Monday, May 18, 2009

Musings on Debt as Money

In the United States, all of our money is government debt (Federal Reserve Notes). Without government debt, we would have no money, the entire system is dependent upon debt and the creation of more debt to increase the money supply. Anytime the FED wants to increase the amount of Federal Reserve Notes outstanding, it purchases US Govt. Bonds. Under a situation where the government runs a surplus and reduces the national debt to a point where it doesn't need to issue bonds (Greenspan talked about this during the late 90's) the FED's ability to increase money supply would be severely hampered. It could purchase private bonds, but that too is debt.

Now that I think of it, this sort of makes sense. What are save, we are shifting consumption to the future. Our ability to consume more in the future must be met by someone else's obligation to forgo their future consumption. That obligation can be called debt. So money is a form of savings, it makes sense for that savings to be in the form of someone else's debt.

The current global monetary system is a very new invention. It was created only during the 1970's! Before then, we had the Breton Woods system whereby the dollar was linked to gold and everyone else linked to the dollar. So it was still a gold based system, though a weakly linked one.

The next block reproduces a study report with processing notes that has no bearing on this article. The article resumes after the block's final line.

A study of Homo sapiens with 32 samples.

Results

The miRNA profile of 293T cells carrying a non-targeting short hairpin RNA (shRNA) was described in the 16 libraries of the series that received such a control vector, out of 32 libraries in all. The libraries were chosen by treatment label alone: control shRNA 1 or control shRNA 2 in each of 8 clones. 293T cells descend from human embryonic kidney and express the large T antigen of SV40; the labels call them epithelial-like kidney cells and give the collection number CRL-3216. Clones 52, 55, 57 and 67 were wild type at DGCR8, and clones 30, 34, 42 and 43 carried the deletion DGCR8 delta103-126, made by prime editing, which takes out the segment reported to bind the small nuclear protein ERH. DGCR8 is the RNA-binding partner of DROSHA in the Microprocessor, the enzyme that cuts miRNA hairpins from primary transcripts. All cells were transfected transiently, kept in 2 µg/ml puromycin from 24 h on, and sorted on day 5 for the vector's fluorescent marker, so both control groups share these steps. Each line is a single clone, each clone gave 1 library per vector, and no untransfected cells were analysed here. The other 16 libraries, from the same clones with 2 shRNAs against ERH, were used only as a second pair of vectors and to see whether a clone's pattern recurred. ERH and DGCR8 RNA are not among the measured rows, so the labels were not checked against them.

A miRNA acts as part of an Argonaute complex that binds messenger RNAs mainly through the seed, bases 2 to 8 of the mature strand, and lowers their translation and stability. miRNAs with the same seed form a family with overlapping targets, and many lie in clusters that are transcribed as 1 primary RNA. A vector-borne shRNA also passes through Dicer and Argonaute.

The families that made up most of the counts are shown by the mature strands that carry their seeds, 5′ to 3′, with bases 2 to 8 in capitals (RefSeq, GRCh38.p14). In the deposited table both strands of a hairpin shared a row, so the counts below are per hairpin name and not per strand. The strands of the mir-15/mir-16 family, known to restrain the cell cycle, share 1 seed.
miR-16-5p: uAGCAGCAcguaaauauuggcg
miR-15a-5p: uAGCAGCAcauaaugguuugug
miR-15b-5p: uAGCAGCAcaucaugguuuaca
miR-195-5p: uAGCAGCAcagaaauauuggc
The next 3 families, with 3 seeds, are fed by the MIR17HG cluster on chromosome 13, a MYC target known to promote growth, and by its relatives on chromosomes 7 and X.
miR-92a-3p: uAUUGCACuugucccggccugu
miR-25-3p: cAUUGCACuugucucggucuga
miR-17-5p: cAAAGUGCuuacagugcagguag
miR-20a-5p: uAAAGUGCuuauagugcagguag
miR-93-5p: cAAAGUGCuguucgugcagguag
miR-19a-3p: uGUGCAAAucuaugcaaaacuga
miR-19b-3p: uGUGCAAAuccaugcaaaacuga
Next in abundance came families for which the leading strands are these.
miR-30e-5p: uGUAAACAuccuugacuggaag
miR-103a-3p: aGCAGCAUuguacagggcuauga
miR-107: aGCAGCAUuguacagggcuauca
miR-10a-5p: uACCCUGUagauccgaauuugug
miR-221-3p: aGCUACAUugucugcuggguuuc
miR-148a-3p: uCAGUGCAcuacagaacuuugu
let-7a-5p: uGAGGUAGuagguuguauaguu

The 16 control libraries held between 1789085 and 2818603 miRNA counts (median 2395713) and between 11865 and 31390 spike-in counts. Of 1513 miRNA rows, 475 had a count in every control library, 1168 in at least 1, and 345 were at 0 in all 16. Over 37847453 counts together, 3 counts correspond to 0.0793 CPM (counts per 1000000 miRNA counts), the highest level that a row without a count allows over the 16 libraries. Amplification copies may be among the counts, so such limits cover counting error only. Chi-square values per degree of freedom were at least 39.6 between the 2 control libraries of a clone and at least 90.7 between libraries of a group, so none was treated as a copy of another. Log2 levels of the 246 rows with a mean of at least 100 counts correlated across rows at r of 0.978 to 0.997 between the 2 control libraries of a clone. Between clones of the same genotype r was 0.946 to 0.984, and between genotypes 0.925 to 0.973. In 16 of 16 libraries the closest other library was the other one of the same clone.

Is this system sustainable? There seems to be a free lunch inherent in this system. In theory, money supply has to increase as the GDP increases (output). Government can get a free lunch by creating debt, which is money they can use, and that debt never has to be paid back because it is circulated as money.

Now since the dollar is the world's reserve currency and therefore is essentially the money of the world, the United States can get a free lunch by creating debt, monetizing it, and then exporting it overseas to fill the world's need for more money as world output expands. That debt never has to be paid back, those dollars, which is our debt, circulates as money. As long as the world continues to expand output, they will need more and more money, allowing us to create more and more debt which circulates as global money.

Would this system collapse if the dollar were no longer treated as global money?